In 1800s China under foreign occupation, 17-year-old Athena has a set script: survive finishing school, marry well. But when visions of future deaths entangle her in a dangerous conspiracy, she must forsake the life she’s known to save her family and her people.
DESCENDANT OF THE CRANE + Jane Austen
I once asked Mama if it was possible to murder a man but not have been at the scene for the murder itself.
She peered at me in that inscrutable way she has and said that just as there were many ways to heal, there were many ways to kill.
“Whether the man has earned it is the question,” she said.
I was eight then. I thought I’d have the answer by now, on the brink, as they say, of entering the world. But knowledge doesn’t work like that, in lessons learned at school or in lucid messages from the universe. It doesn’t happen in a line. Past, present, and future crisscross and intertwine in convoluted ways.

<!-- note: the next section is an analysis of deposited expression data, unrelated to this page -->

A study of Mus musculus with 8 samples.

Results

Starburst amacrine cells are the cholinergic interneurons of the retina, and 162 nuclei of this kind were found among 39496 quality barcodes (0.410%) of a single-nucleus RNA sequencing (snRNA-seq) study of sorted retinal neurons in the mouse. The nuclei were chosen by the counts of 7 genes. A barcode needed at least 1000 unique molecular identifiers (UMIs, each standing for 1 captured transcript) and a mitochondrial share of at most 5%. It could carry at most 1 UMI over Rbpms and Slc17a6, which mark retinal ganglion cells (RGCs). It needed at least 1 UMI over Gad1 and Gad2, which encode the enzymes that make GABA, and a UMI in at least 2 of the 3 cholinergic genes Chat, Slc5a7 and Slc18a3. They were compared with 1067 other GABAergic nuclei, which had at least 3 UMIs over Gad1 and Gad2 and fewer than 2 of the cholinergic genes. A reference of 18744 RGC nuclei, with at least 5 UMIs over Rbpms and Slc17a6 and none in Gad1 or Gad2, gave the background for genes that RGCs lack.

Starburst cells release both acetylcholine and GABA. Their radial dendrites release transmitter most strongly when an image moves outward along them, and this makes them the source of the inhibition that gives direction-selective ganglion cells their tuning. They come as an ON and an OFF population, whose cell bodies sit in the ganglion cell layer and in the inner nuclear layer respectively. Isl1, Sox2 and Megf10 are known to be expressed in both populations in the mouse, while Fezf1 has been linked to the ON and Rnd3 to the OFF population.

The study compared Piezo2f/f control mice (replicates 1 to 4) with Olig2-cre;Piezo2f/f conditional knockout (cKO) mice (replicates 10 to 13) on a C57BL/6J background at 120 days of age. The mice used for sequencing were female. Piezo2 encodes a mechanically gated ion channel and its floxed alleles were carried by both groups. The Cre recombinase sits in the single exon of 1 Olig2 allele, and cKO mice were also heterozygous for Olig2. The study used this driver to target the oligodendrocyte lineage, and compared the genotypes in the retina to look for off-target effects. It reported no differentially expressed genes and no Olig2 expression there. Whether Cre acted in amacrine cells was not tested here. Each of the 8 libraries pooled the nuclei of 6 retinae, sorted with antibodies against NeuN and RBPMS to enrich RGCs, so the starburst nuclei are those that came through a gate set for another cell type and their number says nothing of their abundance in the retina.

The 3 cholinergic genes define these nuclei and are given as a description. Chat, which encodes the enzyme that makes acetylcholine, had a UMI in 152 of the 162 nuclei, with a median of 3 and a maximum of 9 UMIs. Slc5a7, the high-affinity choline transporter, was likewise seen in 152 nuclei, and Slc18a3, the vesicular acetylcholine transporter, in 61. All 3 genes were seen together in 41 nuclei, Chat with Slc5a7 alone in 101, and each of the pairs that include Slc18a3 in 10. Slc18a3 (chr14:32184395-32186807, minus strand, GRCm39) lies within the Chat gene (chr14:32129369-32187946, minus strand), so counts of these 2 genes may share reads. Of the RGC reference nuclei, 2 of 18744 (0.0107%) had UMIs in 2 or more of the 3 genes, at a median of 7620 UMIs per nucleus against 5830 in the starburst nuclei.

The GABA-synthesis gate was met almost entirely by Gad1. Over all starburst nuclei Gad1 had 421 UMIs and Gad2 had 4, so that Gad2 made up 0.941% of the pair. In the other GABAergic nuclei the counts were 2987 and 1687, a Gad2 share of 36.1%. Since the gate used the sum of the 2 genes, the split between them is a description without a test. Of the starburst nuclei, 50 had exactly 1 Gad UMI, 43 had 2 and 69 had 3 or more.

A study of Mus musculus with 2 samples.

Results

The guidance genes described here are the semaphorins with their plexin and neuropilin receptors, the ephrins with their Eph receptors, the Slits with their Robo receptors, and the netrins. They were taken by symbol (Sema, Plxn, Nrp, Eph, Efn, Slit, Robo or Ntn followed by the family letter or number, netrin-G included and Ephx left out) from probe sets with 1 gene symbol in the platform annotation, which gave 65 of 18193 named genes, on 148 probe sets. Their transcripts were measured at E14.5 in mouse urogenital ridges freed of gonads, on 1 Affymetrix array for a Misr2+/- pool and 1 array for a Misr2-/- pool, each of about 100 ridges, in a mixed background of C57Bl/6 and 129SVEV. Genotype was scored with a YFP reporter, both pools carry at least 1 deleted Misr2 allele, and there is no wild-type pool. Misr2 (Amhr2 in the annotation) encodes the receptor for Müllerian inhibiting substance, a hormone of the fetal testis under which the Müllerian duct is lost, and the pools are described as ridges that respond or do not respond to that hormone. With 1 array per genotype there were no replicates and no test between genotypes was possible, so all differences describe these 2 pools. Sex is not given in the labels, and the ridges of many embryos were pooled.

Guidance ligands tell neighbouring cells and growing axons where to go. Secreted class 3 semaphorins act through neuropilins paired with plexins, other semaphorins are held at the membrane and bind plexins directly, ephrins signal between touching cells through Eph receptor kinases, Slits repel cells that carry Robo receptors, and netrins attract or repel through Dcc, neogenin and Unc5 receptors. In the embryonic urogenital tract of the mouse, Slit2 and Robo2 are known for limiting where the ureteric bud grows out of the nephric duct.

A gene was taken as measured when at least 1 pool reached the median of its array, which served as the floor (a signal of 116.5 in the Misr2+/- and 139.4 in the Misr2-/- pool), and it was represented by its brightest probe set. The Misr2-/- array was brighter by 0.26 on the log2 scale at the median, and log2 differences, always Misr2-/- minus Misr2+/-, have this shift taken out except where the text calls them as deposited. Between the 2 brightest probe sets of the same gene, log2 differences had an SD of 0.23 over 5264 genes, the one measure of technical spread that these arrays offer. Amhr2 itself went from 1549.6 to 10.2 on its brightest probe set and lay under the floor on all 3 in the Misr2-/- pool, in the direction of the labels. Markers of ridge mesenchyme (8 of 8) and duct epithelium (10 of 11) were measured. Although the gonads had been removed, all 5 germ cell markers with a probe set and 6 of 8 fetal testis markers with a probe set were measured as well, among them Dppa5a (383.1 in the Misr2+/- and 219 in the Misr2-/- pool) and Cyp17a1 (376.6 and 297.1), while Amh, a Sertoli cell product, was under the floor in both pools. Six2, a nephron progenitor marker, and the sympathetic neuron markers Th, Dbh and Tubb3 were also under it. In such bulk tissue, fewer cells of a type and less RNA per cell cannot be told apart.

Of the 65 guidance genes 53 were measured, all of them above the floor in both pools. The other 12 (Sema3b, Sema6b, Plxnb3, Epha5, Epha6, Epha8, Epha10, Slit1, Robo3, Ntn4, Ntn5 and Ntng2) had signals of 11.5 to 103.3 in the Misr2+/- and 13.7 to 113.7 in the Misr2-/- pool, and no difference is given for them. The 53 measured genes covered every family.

There is much I do not know: how I killed Fei’s uncle from a thousand miles away, why I see the horrible things I see before they occur, or why my monthly blood comes with a vengeance.
The latter feels like punishment for the former, the invisible blood on my hands coursing to my abdomen.
I shiver by the hearth, and I’m brought back to the present.
Breathing deeply, I try to focus on the feeling of warm porcelain against my palms.
“Drink,” Mama says, her voice gentle and low.
I obey, willing my eyes open and tipping the bowl towards my lips.
I don’t know the words for the forbidden ingredients that stare at me from the bowl—aside from the chicken—but I drink it all down like an escaped thief.